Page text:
Harvesting solar energy can be a tough job for panels if they are buried under blankets of snow. That is why a team from the University of California Los Angeles (UCLA) has developed a new device that can produce electricity from snow itself.
The device is a snow-based triboelectric nanogenerator or “Snow TENG”. As the name suggests, it works with the triboelectric effect, this means it uses static electricity to generate a charge through the exchange of electrons. These kinds of devices have been used to make generators that pull energy from body movements, touchscreens, and even footsteps on floors.
Snow usually has a positive charge and releases electrons. This device has a negative charge and the ability to capture these electrons. After gathering these charges it turns them into electricity.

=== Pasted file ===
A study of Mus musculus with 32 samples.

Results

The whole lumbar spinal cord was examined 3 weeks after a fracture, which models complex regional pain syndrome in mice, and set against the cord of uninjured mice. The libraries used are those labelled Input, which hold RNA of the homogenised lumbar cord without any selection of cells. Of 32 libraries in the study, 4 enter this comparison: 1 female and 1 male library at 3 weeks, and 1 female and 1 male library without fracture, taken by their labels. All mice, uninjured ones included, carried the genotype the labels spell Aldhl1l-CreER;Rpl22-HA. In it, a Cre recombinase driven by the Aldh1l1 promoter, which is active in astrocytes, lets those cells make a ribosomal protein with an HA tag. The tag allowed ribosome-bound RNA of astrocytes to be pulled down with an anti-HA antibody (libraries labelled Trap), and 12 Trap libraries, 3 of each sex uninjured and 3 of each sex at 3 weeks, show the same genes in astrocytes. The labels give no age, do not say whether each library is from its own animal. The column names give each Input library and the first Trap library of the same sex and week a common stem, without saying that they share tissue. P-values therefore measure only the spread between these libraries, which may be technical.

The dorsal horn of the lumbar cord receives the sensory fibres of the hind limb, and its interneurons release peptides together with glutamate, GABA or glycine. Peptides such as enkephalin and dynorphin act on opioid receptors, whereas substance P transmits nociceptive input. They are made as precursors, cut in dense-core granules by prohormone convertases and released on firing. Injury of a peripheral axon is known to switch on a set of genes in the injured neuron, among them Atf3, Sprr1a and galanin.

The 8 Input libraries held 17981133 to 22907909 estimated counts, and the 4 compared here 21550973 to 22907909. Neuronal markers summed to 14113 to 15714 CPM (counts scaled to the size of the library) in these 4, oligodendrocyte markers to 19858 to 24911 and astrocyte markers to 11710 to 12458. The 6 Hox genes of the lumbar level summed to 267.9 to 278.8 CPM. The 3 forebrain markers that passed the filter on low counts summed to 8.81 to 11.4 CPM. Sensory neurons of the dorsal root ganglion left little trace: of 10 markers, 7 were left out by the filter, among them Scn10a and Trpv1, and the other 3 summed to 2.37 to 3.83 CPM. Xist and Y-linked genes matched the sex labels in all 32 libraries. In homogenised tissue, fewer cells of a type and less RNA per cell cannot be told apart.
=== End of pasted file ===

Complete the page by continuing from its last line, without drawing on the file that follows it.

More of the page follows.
The problem is that the Snow TENG produces a pretty tiny amount of electricity in its current form – it has a power density of 0.2 mW per square meter. That means you won’t really be hooking that up to the grid like a solar panel, but it could make for small, self-powered weather sensors.
“The device can work in remote areas because it provides its own power and does not need batteries,” says Richard Kaner, senior author of the study. “It’s a very clever device — a weather station that can tell you how much snow is falling, the direction the snow is falling, and the direction and speed of the wind.”
The researchers give other examples like a sensor that could be attached to the bottom of boots or skis and used to collect data for winter sports.
The research was published in the journal Nano Energy.